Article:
We have an equity problem in California that impacts 65% of students.
Equity x Literacy
Children with higher rates of trauma have more difficulty learning. Children from low socio-economic families are more likely to face chronic trauma than children from high socio-economic families.
The more limited a child's experiences with language and literacy the more likely he or she will have difficulty learning to read. Too often, working parents who struggle to earn a living wage cannot spend the time to learn about what their child needs at a pre-school age to be successful.
Teacher knowledge, respect and support for the diversity of children's families, cultures, and linguistic backgrounds are important in early literacy development. A child who feels respected by a teacher is more confident and more likely to learn.
Children in the school districts with the highest concentrations of poverty score an average of more than four grade levels below children in the richest districts.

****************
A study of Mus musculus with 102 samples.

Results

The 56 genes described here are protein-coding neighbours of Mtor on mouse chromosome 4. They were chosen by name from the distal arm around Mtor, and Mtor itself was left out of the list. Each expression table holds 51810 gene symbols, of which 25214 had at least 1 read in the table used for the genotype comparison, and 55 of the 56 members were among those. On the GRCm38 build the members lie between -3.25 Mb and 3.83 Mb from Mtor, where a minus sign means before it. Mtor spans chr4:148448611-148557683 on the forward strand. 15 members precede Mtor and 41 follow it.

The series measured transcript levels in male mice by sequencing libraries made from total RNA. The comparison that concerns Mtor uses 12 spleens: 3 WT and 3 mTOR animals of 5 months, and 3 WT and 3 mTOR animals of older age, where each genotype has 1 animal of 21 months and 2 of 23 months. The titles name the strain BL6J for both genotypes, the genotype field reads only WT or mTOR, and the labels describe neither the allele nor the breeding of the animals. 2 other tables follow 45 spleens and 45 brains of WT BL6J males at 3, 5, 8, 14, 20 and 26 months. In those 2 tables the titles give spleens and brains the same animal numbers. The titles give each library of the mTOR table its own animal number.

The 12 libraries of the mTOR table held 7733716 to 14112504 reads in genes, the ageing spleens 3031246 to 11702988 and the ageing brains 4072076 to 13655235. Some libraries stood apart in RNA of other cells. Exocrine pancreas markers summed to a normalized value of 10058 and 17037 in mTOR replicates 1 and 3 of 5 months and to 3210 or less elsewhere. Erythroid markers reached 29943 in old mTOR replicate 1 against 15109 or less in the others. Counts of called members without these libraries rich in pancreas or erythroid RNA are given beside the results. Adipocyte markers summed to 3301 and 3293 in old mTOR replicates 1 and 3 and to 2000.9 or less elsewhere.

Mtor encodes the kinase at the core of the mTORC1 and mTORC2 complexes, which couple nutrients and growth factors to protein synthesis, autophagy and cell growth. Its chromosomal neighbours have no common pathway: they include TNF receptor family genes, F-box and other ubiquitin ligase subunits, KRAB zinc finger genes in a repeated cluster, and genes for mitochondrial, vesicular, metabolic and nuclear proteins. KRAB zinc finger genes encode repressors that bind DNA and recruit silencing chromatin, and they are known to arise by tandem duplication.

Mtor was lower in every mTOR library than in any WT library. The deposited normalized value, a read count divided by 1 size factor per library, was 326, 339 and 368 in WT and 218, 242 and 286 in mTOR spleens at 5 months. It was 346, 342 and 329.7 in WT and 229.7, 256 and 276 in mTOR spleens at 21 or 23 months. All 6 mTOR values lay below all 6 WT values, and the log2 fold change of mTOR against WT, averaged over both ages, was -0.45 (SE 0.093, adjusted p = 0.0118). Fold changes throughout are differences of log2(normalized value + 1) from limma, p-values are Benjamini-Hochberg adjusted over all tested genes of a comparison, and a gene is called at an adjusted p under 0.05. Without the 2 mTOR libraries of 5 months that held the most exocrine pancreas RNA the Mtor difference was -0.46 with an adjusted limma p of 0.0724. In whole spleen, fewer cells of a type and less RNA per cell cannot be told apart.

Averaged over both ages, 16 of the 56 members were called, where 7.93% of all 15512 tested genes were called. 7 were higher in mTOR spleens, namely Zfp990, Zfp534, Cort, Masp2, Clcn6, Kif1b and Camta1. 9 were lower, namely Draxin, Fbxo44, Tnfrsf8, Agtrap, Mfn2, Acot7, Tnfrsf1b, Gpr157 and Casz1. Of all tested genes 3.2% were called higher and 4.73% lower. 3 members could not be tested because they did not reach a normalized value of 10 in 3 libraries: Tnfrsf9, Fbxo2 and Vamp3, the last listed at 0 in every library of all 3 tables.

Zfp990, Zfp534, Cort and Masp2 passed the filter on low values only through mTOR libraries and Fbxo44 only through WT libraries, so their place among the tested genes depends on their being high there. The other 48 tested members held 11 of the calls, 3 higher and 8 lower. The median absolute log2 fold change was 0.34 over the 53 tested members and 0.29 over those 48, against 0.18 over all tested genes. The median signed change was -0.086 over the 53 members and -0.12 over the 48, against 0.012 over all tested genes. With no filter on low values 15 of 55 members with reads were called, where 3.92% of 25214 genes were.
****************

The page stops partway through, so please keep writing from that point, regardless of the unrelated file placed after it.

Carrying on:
Assessment x Instruction (ages 4-8)
Early identification is key to early success. Currently, students are not assessed for risk factors until they fail which is already too late, often after 3rd grade, when instruction changes from learning to read to reading to learn. Neuroscience and reading science provide insight into how children. Current methods of instruction are not working effectively for the majority of our children.
Early Childhood Instruction (ages 0-4)
A child's ability to read and write proficiently by end of third grade is influenced by conditions and circumstances present from age 0. Children need to enter school with basic reading, math, social and emotional skills. From birth to age 5, when a child’s brain develops rapidly, is the time to build the foundation of cognitive abilities and character to prepare them to achieve 3rd grade reading and writing standards and develop a sense of mastery. According to a longitudinal study First Five, 4 out of 5 children not ready for kindergarten are still not proficient in 3rd grade. Improving literacy outcomes requires additional resources, teacher training, and parent education along with other supports to ensure an equitable solution for all.